Sometimes That Bronzino Is Fool’s Gold, The Gainsborough Is A Huge Loss Waiting To Happen, A Sargent Should Be Dishonorably Discharged And Your Matisse Perhaps Matisn’t.
Art is fundamentally subjective. Where some people view a famous example of visual creativity and think, “that’s a sublimely gorgeous observation of the wonders of nature or the human condition,” others stare at it a moment and think, “I bet I could do that.” And there’s nothing wrong with the attempt to do so – privately copying a painting is a good way to practice and learn the artist’s style. What’s problematic, though, is when someone decides to take the further step into fraudulence, and claims his creations are the real thing.
Art fraud is a colossal problem – a multi-million dollar headache for museums, personal collectors, dealers and trusts … and people just trying to appreciate the real McCoy. Experts estimate that approximately 40 percent of the pieces circulating in the legitimate art market are inauthentic. Seriously; 40 percent.
But while the prevalence of perfidiousness in the artistic profession continues to create frustrations and uncertainty for those experts, one minor silver lining is that it allows for exhibitions like this one: the Oklahoma City Museum of Art presents “Intent to Deceive: Fakes and Forgeries in the Art World” opening February 14.
The story told in this exhibit is of five prolific forgers from the last century, and of how their specific kind of creativity (theft) continues to cause tremors at the foundation of the art world. “Intent to Deceive” does feature bona fide pieces by masters like Picasso, Daumier, Modigliani and others … alongside a variety of fakes and forgeries in the styles of these far more famous (and therefore more valuable) names. The arrangement encourages visitors to try their eyes at determining which is the verified original and which the top-notch phony, as well as introducing them to a fascinating underworld of names that – had everything gone as planned – no one would have known.
Elmyr De Hory
“If my work hangs in a museum long enough, it becomes real.”
To make it big as a forger, you need an in (you can’t sell Rembrandts from a street-corner booth for millions of dollars). With no connections of his own, de Hory fabricated an identity to accompany his fake artworks, claiming to be a Hungarian nobleman forced by political upheaval to sell family holdings in America. And it worked – for a while, anyway. Visitors to the museum can compare an original Philip de László to a de Hory production; see whether you can guess what was revealed by recent ultraviolet and infrared imaging.
Han Van Meegeren
“I decided, one fateful day, to revenge myself on the art critics and experts by doing something the likes of which the world has never seen before.”
On trial for treason after World War II, accused of selling Dutch cultural treasures to the Nazis, van Meegeren confessed … that he had sold the art, but it wasn’t priceless, because he had forged it himself – and then proved it by painting a similar fake in the courtroom. He was among the first of the 20th century’s great forgers; this exhibit features a painting visible in the background of two real Vermeers, which was eventually exposed a fraud through X-ray fluorescence.
“I was soon to get into the habit of donating pictures to museums. Being treated so nicely by people was something I was unfamiliar with and I liked it very much.”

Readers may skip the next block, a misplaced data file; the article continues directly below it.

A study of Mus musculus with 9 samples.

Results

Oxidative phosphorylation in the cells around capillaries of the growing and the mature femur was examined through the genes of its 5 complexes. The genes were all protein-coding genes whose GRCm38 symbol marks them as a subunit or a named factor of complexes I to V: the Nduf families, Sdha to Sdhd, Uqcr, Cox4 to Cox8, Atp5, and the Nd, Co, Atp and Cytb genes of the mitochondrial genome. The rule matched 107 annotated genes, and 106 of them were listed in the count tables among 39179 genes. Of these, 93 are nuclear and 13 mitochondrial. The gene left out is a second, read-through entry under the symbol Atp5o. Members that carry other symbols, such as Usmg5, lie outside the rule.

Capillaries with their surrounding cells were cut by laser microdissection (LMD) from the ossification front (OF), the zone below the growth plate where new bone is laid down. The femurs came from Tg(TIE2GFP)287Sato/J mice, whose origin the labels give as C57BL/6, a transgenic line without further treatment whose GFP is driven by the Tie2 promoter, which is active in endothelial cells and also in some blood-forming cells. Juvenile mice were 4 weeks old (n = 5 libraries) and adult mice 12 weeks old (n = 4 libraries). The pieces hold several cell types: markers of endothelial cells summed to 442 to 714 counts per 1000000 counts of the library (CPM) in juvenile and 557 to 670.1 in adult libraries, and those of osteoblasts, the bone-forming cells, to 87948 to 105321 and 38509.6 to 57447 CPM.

Landis may be the most famous art counterfeiter who technically never committed a crime. The OKC Museum of Art was instrumental in publicly exposing his deceptions: for the past 30 years Landis, under a variety of aliases and identities, has donated works of art to museums and universities around the country. They’re all fake, painted by Landis himself, but since he’s not asking for anything in return he’s not in violation of any laws. He’s still out there somewhere, in fact. You’d need a microscope to see the telltale pattern of pixels that identifies the work as having a digital origin, but you can admire the quality of his craft in “Intent to Deceive.”
“In prison, they called me Picasso.”
Myatt’s story, on the other hand, is more mundane – tempted into crime against his better judgment by the lure of financial gain and desire to provide better for his family than his honest career (he sold avowed “genuine fakes”) could. The unusual aspect is the scope of his partnership’s endeavor; Myatt forged over 200 paintings and with his partner John Drewe did immense damage to the historical record. He confessed, helped convict Drewe, served some time and is now again producing fakes (clearly marked this time). His Picasso and Matisse impressions will hang alongside originals so guests can try to spot the telltale deviations.
“Only the experts are worth fooling. The greater the expert, the greater the satisfaction in deceiving him.”
Hebborn has a classic “master criminal” narrative: he was genuinely great, he became obsessed with proving himself the best, he made a single mistake that proved his undoing. He trained at Britain’s Royal Academy but grew frustrated by his lack of professional success; when he discovered how well his affinity for restoration dovetailed to enhance his skills at creating fake vintage paintings, he began concentrating not on personal profit for its own sake but on deliberately fooling historical experts. And he was very good – his forgeries were practically undetectable – until a curator happened to notice two drawings attributed to different artists were on identical paper, and the experts he so derided tracked the paper back to Hebborn.
Curated by art fraud expert Colette Loll and organized for tour by International Arts & Artists, “Intent to Deceive” will be on view at the OKC Museum of Art through May 10. Check okcmoa.com for details and accompanying programming – no fooling.